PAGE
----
Spot the difference


At the heart of it is a proposal by Pickles to somehow allow the combination of the currently separate local authority (political) leader and (managerial) chief executive roles.  He wants it.  Denham doesn’t.

A Communities and Local Government spokeswoman is quoted in last week’s Municipal Journal as saying

Having chief executives and elected leaders often, in practice, responsible for the same thing is both expensive and unnecessary

Hmmm. I’m not sure if that’s a naïve or willful misreading of what might be termed the constitutional position of the two roles.

Regardless of whether change of the sort apparently proposed is beneficial, the best statement for me of the principle of the current position comes from nearly 80 years ago when Herbert Morrison (grandfather of Peter Mandelson) wrote to London County Council officials after the Labour party first won control of the LCC in the 1930s

The Council and its committees decide policy, and it is for you loyally to carry it out, but I don’t wish you to feel that you are merely the servile instruments of one political party. You are the servants of the Council and of the people of London.  This is your traditional role.  I don’t know your politics, and I don’t want to know.  At all times in your reports say what you believe to be the truth; don’t play up to either political party.  Give the facts and if you make recommendations let them come out of the facts.  There is a standing order whereby chairmen may delay your reports for a short period.  I want chairmen to listen to you, and I want you to listen to them, but at the end of it all present the reports you believe to be right.  Discussion, yes, but I do not wish to coerce you, nor will chairmen of committees.  So report the facts and conclusions as you see them, and we’ll do what we like.  Your views will be taken into account, but always on the basis that it is for the Council and its committees to decide – Herbert Morrison: an autobiography, Odhams (1960)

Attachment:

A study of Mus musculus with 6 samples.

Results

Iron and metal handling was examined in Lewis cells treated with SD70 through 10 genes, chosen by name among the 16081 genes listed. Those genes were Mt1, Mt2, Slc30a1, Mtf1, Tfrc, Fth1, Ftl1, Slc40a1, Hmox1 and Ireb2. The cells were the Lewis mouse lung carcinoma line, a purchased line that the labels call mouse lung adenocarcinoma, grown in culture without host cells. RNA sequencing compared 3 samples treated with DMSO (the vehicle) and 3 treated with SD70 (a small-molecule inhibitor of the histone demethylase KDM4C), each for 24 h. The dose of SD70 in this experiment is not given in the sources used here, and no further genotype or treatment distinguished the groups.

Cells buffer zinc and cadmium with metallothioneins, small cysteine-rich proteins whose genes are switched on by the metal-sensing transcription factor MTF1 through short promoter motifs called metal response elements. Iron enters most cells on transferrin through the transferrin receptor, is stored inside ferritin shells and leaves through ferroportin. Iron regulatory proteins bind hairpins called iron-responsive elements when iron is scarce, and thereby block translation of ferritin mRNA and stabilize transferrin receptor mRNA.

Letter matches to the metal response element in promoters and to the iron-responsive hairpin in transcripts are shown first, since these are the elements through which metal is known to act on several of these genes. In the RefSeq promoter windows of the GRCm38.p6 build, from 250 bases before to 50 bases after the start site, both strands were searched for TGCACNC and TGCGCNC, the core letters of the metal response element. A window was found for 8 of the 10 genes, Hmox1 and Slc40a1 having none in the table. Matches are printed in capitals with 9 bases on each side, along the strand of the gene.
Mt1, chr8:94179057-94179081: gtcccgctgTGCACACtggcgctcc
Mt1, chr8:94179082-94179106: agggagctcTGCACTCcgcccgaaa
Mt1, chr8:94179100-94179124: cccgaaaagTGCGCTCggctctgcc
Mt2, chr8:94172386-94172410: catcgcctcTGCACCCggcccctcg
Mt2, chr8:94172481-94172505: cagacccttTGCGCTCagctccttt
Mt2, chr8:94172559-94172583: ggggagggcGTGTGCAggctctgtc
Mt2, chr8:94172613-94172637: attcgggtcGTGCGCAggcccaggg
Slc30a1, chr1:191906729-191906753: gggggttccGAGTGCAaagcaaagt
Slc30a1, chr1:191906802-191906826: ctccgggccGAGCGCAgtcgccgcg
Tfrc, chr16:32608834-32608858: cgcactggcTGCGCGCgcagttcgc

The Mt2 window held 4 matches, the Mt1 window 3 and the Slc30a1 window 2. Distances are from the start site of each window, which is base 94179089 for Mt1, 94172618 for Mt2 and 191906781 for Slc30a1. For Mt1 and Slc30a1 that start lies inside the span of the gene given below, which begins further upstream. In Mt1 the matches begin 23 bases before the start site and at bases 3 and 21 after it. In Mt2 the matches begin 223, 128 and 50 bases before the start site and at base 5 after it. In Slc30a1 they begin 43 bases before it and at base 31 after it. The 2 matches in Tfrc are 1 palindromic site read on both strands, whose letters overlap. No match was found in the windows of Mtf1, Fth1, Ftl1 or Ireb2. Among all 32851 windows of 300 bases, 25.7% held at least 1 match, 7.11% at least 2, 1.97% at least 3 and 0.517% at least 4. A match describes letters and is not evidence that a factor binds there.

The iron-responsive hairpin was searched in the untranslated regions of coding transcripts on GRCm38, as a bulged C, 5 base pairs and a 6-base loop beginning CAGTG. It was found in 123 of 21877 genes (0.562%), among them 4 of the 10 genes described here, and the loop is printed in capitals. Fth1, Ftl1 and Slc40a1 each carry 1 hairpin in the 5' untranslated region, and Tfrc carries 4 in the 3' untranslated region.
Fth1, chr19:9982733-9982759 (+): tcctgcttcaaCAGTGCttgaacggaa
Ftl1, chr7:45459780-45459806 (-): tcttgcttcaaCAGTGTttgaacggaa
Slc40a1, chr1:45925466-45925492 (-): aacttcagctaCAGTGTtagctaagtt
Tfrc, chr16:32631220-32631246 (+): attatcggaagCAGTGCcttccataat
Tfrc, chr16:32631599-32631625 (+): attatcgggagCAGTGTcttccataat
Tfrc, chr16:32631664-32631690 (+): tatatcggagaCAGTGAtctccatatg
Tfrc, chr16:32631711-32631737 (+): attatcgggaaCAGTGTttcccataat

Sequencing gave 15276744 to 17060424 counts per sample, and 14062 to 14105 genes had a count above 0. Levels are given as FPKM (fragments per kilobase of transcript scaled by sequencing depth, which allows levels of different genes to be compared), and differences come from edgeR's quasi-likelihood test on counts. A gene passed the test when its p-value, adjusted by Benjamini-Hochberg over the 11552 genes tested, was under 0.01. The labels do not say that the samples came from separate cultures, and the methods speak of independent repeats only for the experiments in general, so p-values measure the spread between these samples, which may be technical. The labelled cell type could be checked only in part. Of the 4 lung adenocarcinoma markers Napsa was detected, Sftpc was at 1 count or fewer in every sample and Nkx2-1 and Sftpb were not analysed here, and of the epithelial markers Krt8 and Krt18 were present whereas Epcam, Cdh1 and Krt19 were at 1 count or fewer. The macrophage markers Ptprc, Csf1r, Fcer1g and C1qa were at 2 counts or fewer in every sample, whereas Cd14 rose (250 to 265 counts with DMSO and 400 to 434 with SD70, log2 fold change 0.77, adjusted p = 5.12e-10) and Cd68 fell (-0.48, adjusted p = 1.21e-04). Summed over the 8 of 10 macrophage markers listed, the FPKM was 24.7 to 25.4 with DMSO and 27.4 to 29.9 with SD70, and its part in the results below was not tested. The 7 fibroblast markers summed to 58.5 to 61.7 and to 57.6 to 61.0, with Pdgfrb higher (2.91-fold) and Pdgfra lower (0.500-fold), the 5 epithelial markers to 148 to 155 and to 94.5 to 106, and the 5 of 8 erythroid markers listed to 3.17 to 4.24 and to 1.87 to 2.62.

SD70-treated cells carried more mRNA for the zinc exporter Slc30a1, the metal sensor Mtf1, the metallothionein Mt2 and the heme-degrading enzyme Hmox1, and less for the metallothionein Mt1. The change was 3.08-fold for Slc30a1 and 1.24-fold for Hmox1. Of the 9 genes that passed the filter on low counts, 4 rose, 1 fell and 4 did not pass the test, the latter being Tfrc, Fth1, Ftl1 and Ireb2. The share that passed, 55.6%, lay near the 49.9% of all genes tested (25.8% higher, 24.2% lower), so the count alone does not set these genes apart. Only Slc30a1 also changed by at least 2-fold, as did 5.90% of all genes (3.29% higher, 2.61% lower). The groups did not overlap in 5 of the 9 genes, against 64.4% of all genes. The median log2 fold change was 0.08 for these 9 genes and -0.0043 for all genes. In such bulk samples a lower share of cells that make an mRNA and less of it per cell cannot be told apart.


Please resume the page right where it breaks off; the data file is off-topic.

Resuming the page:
Of course the modern day relationship between an appointed chief executive and elected councillors, in particular a council leader, is both more subtle and comprehensive than the writing of reports that councillors accept or not.

But the ethos implied by The Council and its committees decide policy, and it is for you loyally to carry it out and say what you believe to be the truth is spot on.  Could these fundamental principles be maintained with the “Pickles proposals”?